US President Donald Trump will no longer pursue adding a question on citizenship to the 2020 US census questionnaire.
Instead, he said officials would obtain the information through an executive order for government agencies, as court challenges would have delayed a census, said a BBC News report on Friday.
The retreat follows a long fight over the inclusion of the question, which the Supreme Court blocked in June.
Critics called the question politically motivated and said it would lead to fewer immigrant households taking part.
The administration however had argued the question would bolster protections for minority voters.
On Thursday, Trump said: “We are not backing down on our effort to determine the citizenship status of the United States population.”
Trump says his executive order will require government agencies to hand over documents regarding citizenship.
“As a result of today’s executive order we will be able to ensure the 2020 census generates an accurate count of how many citizens, non-citizens and illegal aliens are in the United States of America,” Mr Trump said at the White House.
Kristen Clarke, president of the National Lawyers’ Committee for Civil Rights Under Law, told the BBC she had concerns about Mr Trump’s plans.
“This is essentially an attempt to compile data on a mass scale in a way that is unprecedented,” she said.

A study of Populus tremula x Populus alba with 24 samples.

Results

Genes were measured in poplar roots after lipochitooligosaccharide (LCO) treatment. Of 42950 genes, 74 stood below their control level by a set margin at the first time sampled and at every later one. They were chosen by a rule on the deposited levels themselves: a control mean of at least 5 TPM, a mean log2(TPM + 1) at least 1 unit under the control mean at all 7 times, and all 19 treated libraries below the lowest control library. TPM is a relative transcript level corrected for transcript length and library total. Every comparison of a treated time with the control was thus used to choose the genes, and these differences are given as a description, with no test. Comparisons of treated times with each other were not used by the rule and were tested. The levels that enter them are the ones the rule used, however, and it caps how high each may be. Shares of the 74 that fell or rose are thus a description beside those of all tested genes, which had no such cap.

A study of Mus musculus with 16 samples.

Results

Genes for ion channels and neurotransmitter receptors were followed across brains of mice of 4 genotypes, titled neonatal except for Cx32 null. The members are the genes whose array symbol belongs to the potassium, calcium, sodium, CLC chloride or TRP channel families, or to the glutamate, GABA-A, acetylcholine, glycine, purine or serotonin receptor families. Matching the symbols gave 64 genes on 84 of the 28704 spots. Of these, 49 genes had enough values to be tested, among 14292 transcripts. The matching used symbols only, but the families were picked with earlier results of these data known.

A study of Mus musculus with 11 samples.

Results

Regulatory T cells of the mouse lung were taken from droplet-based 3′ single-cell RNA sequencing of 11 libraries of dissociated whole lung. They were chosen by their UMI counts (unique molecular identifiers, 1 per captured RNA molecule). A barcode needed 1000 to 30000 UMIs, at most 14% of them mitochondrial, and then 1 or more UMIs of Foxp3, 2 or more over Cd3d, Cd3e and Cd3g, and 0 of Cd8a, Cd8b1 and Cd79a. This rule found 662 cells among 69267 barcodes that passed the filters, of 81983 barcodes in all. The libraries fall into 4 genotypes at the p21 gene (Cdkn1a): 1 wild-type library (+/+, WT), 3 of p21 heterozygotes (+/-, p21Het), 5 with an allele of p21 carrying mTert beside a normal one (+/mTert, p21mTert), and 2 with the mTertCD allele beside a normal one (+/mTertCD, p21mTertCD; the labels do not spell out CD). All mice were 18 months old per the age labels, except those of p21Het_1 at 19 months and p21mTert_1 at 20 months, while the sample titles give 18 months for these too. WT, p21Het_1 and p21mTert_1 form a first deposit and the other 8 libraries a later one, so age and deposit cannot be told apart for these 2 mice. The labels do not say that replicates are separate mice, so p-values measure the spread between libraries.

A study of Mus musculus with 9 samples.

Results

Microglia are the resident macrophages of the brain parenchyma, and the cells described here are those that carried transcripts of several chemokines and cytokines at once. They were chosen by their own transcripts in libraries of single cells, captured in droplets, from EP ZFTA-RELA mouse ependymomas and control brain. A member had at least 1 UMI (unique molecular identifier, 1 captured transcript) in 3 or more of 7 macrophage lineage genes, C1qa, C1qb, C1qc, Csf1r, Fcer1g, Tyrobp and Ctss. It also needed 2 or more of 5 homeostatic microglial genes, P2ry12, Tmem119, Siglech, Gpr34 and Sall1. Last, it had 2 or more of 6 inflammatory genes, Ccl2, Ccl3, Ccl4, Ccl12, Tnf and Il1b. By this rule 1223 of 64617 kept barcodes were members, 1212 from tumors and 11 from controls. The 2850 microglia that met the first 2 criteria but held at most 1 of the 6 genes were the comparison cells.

“We don’t know how long it will take for them to pull this data together, we don’t know what they will do with that data.”
What reason did the Trump administration give?
The Supreme Court temporarily blocked the citizenship question in June, saying that the government’s reason for including the question seemed “contrived”, and it had not provided adequate justification for it.
It left open the possibility that the government could provide new legal arguments for the question to a lower court – however, this would have delayed the census.
The government began printing the 2020 census last week without the question – but Trump then created confusion when he announced that he would do “whatever is necessary”, including potentially an executive order, to include the question in the census.
Legal experts however noted that an executive order could not override a Supreme Court ruling.
On Thursday, Attorney General William Barr said the decision to abandon the citizenship question was a “logistical impediment, not a legal one”.
He said there was “ample justification” for the administration to include the citizenship question.
But referring to court injunctions, he said there was no way to “implement any new decision without jeopardizing our ability to carry out the census”.
Barr repeatedly congratulated Trump on the executive order to gather the data separately.
Why is the citizenship question so controversial?
The question – “Is this person a citizen of the United States?” – has not appeared on a US census for all Americans since 1950, though it has been asked to some subsets of the population between 1970 and 2000.
The government said the question would help the government allocate resources and enforce voter laws designed to prevent discrimination.
However, Democratic states with large immigrant populations argue a citizenship question will produce undercounts because fewer people will participate.
In a 2018 report, Census Bureau researchers found that the inclusion of a citizenship question could suppress response rates in households with immigrants and minority groups.
The census is mandated under the US constitution and takes place every 10 years, counting every resident.